How Do I Tune a PID Controller?

A Simple Recipe for Tuning Controllers Manually

Techniques for modelling a process’ dynamics and calculating tuning parameters are widely available.  These approaches enable practitioners to tune controllers consistently and with reasonable results.  At Control Station we know a little about this topic as we’ve been sharing these techniques for decades and innovating software-based solutions that deliver even better results.

Techniques for manually tuning controllers is often characterized as a recipe that involves the following steps:

1.  Specify the Design Level of Operation

Every control loop has a specific function or purpose – a specific range of operation for which the control loop was designed.  Before doing anything else you need to know the design level of operation (DLO) as that dictates how you address each subsequent step.

2.  Step the Process Within the DLO

PID controllers are model-based.  The model allows the PID to react appropriately to dynamics within the process.  In order to understand how your process reacts to changes, you must step the process within the DLO.  It’s essential for your step to be large enough that it clearly dominates any noise in the process.  As a rule of thumb a step of 3x-5x the noise band is recommended.  Just as important, manual tuning requires that you begin the step when the process is “quiet” – when it is steady and not impacted by disturbances.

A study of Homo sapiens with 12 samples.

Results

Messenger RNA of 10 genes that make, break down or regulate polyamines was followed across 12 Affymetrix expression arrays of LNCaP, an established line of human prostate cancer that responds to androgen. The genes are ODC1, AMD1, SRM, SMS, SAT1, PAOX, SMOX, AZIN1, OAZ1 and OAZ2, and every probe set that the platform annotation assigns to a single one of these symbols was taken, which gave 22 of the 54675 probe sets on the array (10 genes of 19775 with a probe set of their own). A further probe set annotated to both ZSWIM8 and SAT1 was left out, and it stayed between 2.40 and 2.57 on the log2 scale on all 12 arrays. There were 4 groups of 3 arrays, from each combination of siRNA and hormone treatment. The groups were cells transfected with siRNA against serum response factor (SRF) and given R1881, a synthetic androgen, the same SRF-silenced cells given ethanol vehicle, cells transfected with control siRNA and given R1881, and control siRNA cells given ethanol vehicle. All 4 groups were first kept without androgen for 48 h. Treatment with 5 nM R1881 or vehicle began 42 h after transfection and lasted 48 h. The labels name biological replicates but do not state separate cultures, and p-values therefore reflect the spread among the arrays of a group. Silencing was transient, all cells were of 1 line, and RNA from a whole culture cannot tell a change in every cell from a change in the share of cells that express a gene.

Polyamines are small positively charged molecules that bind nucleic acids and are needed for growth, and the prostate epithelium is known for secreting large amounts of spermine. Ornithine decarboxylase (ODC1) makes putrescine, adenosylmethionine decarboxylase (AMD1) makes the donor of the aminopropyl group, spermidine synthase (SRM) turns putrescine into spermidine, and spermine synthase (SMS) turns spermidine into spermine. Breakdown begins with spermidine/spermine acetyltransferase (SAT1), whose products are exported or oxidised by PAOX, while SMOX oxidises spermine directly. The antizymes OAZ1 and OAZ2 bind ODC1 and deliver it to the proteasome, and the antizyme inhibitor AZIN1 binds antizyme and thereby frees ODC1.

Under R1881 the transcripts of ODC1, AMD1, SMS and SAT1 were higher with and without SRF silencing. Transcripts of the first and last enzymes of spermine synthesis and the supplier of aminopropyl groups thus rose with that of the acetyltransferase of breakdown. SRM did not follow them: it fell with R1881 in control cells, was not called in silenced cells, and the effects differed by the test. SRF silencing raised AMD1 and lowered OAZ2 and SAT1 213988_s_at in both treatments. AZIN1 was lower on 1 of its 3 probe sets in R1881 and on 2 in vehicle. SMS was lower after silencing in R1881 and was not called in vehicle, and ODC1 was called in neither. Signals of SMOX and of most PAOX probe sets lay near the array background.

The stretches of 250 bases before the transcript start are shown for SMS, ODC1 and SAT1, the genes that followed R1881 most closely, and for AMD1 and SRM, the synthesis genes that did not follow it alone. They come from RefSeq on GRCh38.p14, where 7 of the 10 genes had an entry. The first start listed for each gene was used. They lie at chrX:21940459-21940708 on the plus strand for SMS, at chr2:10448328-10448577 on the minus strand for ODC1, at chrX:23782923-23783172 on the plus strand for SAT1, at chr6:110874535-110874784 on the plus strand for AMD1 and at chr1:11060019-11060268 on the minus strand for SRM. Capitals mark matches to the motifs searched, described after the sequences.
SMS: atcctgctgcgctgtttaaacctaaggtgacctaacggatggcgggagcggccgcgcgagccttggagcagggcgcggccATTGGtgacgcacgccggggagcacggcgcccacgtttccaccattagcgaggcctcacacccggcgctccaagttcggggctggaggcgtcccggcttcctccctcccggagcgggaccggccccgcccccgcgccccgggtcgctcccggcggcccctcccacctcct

3.  Calculate FOPDT Model Parameters Mouse-Pad-5-08

This step involves math.  Using results from the step test you can now calculate a First Order Plus Dead-Time (FOPDT) model with specific values for Gain, Time Constant, and Dead-Time: 

Gain indicates how far the process moves in response to changes

Time Constant is how fast the process reacts to those changes

Dead-Time reflects the delay in the process’ response 

 4.  Apply Tuning Correlations

The previous step provided model parameters with which your tuning parameters are calculated.  Those tuning parameters are based on correlations which specify the controller’s responsiveness.  Control Station recommends the IMC tuning correlations as a controller’s responsiveness can be easily adjusted for the following range of outcomes: 

Aggressive?     Moderate?     Conservative 

These values are then applied to your controller’s algorithm.  Note that the algorithms themselves can be complex so be sure to reference documentation supplied by the manufacturer.

Manual tuning is a reasonable approach when a process is steady and free of noise.  Unfortunately, most industrial processes are highly oscillatory and noisy.  As a result, manual tuning oftentimes requires numerous bump tests which can be costly in terms of time and lost production.  Only one company offers a software solution that eliminates the steady-state requirement across the full range of industrial applications.  If you can’t tune your loops manually, give us a call and we’ll tell you how!